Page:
19 June, 2015: More than a thousand university and college teachers across the country collected on Friday under the banner of the AIFUCTO and FEDCUTA representing teachers from all State and Central Universities. They came together to protest against the increasing privatisation and commercialisation of higher education and the attack on teachers’ service conditions. There is an increasing denial of regular appointments, promotions and pension. While lakhs of teachers are being forced to work on contractual basis with low pay and without basic rights, API scheme of quantification of teachers’ work for promotion has adversely affected both research and teaching. All teachers appointed since 2004 have been denied pension and many of those appointed earlier are also facing severe harassment in release of pension due to them. Anomalies arising from the 6th Pay Revision have not yet been resolved and the 7th Pay Review Committee has not been set up. While Universities are reeling under severe shortage of infrastructure, teachers and supporting staff, the budget for Higher Education has be subjected to unprecedented cuts.
The protestors pointed out that in the last few years, roller-coaster changes in educational policy have been imposed on Universities and colleges that have severely eroded the quality of education. They demanded the withdrawal of CBCS, RUSA and Central Universities Bill, 2013 as these would disregard diversity and destroy autonomy of universities and quality of education offered. Teachers’ representatives expressed dismay that the NDA Government is moving forward with the education policies of UPA II. They pointed out that while Governments have denied basic needs like infrastructure and permanent faculty members to ensure quality education, they have mindlessly aped failed American model of education. The provision of Credit Transfer and Joint Degree Programmes between universities, at a time when public funded institutions are reeling from overcrowded class rooms, is designed to promote the interests of private institutions, domestic as well as foreign and thereby widen economic disparity. A Teachers’ Representative from Rajasthan narrated how teacher transfer was being used to target dissenters and over 2200 teachers were shuffled in order to kill the movement in the State.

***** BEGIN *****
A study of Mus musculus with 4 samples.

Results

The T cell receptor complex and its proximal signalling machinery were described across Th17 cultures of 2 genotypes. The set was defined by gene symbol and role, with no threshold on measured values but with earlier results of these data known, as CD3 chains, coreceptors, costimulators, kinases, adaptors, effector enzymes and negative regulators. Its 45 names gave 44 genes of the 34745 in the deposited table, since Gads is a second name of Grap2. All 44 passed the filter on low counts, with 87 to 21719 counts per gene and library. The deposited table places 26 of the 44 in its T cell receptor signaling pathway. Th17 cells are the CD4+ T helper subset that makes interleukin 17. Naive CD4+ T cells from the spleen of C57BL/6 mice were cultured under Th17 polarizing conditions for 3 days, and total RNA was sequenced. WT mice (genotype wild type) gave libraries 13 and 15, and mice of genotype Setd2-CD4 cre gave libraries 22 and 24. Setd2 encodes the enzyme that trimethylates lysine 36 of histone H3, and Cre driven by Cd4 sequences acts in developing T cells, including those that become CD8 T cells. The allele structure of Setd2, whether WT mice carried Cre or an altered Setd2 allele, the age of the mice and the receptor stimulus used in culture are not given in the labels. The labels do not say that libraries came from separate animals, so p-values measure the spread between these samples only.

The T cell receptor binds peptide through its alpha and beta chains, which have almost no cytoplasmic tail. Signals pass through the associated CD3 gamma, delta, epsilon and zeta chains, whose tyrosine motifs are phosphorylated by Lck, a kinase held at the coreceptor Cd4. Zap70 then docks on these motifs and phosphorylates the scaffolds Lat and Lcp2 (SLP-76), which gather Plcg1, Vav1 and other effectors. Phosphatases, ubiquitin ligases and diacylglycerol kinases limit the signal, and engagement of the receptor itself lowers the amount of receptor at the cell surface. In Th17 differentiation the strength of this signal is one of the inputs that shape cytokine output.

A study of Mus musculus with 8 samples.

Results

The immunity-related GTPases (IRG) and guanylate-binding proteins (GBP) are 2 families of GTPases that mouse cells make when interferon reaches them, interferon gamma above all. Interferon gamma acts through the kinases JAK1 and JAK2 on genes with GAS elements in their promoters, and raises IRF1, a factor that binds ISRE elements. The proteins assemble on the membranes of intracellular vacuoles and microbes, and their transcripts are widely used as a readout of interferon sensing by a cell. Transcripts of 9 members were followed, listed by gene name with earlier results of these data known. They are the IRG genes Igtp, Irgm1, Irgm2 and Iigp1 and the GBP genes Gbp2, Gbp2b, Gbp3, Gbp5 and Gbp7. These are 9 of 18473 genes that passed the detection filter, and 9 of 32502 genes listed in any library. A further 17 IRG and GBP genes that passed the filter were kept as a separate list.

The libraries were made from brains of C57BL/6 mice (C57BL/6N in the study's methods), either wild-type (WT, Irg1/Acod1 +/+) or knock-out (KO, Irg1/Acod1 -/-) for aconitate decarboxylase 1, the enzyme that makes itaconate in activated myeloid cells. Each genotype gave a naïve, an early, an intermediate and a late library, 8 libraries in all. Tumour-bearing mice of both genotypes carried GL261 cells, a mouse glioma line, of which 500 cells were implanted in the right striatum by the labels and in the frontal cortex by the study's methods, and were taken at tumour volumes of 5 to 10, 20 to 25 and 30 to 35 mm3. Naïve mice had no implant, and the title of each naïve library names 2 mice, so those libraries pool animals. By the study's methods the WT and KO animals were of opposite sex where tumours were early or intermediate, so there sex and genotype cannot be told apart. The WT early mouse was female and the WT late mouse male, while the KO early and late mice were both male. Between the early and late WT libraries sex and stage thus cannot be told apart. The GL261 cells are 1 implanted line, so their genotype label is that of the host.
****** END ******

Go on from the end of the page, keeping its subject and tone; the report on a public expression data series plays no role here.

The protestors were addressed by Prof Hargopal from Central University, Hyderabad, who is also actively associated with AIFRTE (All India Forum for Right To Education). He drew their attention to grave threats facing the public funded higher education system from the WTO and its drive to bring Higher Education in India under its regime of tradeable services. The Govenment of India was planning to sign its agreement on this move in WTO talks scheduled to be held in December this year in Nairobi. If this happens, system which had benefited most educated Indians today, would be dismantled. Higher Education – seen so far as a medium of creation of knowledge, critical thinking and analytical ability- would be converted into a commodity to be bought and sold. Universities – which developed since independence to produce ideas to help the country to overcome social and economic inequalities – would then be reduced to shops selling a narrowly conceived skill oriented concept of education as way to provide cheap labour to outsourced operations of multinational companies.
Former MP Nilotpal Basu (CPI-M) and former Delhi MLA Dr. Kiran Walia (Congress) also addressed the protestors, expressing their solidarity with their struggles. Students’ representatives also addressed the gathering.
A delegation of Office Bearers of AIFUCTO and FEDCUTA met the UGC Secretary, since the Chairman was not available. They submitted a memorandum and explained the issues in detail including the negative features of the CBCS and the Common Central Universities Bill, 2013.
FEDCUTA and AIFUCTO are committed to build a nation wide student-teacher struggle.Today’s protest may be seen as the launch of this all-India struggle. Meetings of the unions are scheduled over next two days to chalk out the further course of action.